A curious object has been spotted on the horizon on the far side of the moon by scientists working on China's lunar exploration mission.
Compared to a "mysterious hut" that "appeared out of thin air" by Our Space, a Chinese National Space Administration (CNSA) affiliated outreach channel, the object is going to be investigated by the Yutu 2 (Jade Rabbit) rover.
The object, which is most likely a boulder, is about 80 metres away from the rover's current location and Our Space said it would take two or three days to get there.
Observers have suggested that the apparent geometric shape of the "hut" could be a visual artefact caused by the low resolution of the image.
Most serious scientists doubt that it is evidence of alien activity, although some are joking about the possibility.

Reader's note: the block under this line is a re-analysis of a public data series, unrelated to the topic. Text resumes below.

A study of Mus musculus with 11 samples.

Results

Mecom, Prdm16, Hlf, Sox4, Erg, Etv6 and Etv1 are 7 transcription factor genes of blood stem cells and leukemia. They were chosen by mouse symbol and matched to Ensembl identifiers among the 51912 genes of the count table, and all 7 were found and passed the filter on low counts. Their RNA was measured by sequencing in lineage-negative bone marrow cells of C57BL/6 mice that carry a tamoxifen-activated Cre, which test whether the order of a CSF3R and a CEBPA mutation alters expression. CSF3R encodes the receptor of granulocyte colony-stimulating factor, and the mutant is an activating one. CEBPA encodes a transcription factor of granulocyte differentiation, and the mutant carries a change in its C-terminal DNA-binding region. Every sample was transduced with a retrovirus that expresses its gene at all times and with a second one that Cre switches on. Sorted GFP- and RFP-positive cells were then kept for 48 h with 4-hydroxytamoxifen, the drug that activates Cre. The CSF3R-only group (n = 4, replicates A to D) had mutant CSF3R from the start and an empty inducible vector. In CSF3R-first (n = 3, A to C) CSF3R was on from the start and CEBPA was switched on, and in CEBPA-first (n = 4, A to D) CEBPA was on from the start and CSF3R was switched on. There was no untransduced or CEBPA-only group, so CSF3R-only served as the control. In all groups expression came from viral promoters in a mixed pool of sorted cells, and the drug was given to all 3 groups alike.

Social media users are also having fun drawing on news and pop culture to guess what it could be - including the return of mysterious monoliths that sprung up around the world in 2020.
"It's gonna be a Starbucks," one quipped.
Watch; Special report - One Giant Leap
China's moon mission
China's Chang'e 4 lunar mission landed on 3 January 2019, after being launched on a Long March 3B rocket from Xichang in the south of the country the previous December.
Just 12 hours after landing, the Jade Rabbit rover drove off onto the surface of the moon and has now travelled roughly 840 metres since landing.
"It's a small step for the rover, but one giant leap for the Chinese nation," Wu Weiren, the chief designer of China's lunar exploration project, told state television.
"This giant leap is a decisive move for our exploration of space and the conquering of the universe," he added.
The Jade Rabbit 2 rover has six wheels and is powered for six-wheel drive, so even if wheels fail, others will independently continue, state media reported.
The rover can drive at a maximum speed of 200 metres (220 yards) per hour, and climb up slopes of up to 20 degrees and navigate over obstacles 20cm (8in) tall.